When I was there I met a very helpful bloke who was the part time warden, and he showed me a rock he was carrying in his bag, hand sized but heavy - from Porth wen (near bull bay) it had been fashioned into a hand tool. Because of this I asked him, wasn't the area mined in the copper age and long before the Romans, but he wasn't keen to agree with this. Yet he was showing me the evidence of pre-history mining in that area.
It's a great place to visit just after the rain as the colours are amazing.
This is from 'A Voyage round Great Britain, undertaken in the Summer of the Year 1813', by Richard Ayton, and illustrated by William Daniell. I know it dates from a few millennia after the mining in the Bronze Age, but it was an industrial site then too. The following does make you wonder what the mountain looked like in the Bronze Age, the miners' lives, what people who lived there and visitors might have thought of it, where and how they did the smelting and so on.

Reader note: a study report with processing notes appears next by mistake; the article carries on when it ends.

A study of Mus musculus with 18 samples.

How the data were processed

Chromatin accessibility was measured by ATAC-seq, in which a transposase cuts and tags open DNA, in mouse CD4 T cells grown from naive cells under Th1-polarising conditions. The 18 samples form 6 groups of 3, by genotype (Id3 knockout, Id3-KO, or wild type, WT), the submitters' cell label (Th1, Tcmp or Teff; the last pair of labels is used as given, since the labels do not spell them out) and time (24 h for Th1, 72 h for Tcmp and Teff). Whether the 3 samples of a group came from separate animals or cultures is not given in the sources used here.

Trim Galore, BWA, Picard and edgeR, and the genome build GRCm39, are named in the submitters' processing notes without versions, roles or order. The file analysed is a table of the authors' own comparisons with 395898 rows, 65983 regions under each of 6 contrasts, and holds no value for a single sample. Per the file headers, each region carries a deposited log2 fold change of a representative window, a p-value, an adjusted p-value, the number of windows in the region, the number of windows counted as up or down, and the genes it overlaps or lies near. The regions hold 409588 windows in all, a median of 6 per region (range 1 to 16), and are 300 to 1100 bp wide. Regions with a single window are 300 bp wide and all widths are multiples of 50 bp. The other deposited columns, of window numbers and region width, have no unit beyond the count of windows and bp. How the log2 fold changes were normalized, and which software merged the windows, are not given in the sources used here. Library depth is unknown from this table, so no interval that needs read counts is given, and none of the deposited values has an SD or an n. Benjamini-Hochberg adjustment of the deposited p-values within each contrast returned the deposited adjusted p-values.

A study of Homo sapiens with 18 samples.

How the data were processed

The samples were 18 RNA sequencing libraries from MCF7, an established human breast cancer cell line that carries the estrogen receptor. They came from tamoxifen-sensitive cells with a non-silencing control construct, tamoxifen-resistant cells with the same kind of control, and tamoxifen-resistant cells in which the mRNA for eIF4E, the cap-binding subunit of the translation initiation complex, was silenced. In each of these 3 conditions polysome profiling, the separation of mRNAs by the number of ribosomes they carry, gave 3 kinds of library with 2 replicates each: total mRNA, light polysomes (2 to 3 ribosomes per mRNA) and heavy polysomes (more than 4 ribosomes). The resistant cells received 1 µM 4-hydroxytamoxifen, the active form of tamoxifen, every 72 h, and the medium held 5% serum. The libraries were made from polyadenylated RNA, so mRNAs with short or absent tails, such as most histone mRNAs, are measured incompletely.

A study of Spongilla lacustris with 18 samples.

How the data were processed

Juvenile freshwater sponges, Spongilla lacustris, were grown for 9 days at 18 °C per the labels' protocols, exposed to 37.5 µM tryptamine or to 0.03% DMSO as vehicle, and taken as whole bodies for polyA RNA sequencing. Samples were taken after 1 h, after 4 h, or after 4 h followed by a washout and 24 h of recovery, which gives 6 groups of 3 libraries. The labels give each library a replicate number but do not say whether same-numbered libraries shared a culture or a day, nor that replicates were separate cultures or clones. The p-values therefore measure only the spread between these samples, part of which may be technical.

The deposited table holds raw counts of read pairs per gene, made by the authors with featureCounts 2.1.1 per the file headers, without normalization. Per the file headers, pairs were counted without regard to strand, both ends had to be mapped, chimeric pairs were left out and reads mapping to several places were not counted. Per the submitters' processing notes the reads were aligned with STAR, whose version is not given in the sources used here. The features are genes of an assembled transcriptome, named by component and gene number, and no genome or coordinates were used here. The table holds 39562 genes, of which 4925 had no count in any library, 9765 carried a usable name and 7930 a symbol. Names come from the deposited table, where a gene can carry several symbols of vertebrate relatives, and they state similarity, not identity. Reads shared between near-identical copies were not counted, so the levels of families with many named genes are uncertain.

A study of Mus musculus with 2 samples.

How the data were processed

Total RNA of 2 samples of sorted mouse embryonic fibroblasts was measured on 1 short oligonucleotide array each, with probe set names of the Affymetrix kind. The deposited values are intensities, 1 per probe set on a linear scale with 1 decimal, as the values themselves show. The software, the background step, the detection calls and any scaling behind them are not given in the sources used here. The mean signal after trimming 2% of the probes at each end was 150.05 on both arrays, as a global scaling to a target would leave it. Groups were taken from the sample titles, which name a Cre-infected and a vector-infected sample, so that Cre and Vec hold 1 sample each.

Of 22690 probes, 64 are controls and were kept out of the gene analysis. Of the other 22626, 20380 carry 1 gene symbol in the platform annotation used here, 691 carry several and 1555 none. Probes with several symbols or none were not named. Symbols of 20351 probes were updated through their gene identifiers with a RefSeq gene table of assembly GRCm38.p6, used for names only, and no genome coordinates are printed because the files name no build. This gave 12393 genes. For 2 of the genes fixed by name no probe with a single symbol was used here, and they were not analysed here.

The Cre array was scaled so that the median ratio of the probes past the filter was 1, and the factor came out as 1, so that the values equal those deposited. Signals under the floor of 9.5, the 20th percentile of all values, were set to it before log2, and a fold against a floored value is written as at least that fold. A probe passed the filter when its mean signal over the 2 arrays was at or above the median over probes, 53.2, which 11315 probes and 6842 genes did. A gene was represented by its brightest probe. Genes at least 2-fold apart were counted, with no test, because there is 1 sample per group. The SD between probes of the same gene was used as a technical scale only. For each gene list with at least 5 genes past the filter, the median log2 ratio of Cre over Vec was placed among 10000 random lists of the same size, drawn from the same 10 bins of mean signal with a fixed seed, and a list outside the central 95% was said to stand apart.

On every part of its surface the hill is as bare as the public road. No kind of vegetation can live in this sulphureous atmosphere; not a weed, not a lichen on the rocks has been spared.. We were amazingly struck with the first view of the mine, which is truly an astonishing monument of of human industry.. The mine has been worked like a stone quarry, and an immense crater has been formed nearly a mile in circumference; and in many parts, three hundred feet in depth. As we stood upon the verge of this tremendous chasm, it appeared to us like a mighty work of nature, produced by some great convulsion, but, certainly, suggested to our minds nothing so mean as the pick-axe and the spade. There were but few people at work, and their figures, disovered here and there among the huge rocks, looked merely as flies upon a wall, and one could scarcely imagine that, by these little creatures, each picking its little hole, the mountain had been thus demolished. The sides of the mine are mostly perpendicular, but the bottom is broken and irregular, and penetrated in various parts, by wide and deep hollows, in which veins of peculiar richness have been followed...
'EXTREME Archaeology' at Parys Mountain - a television programme with the ubiquitous Alice Roberts. Includes reports, photos, and various 'video fly throughs'. Focuses on exploration of the prehistoric parts of the mines.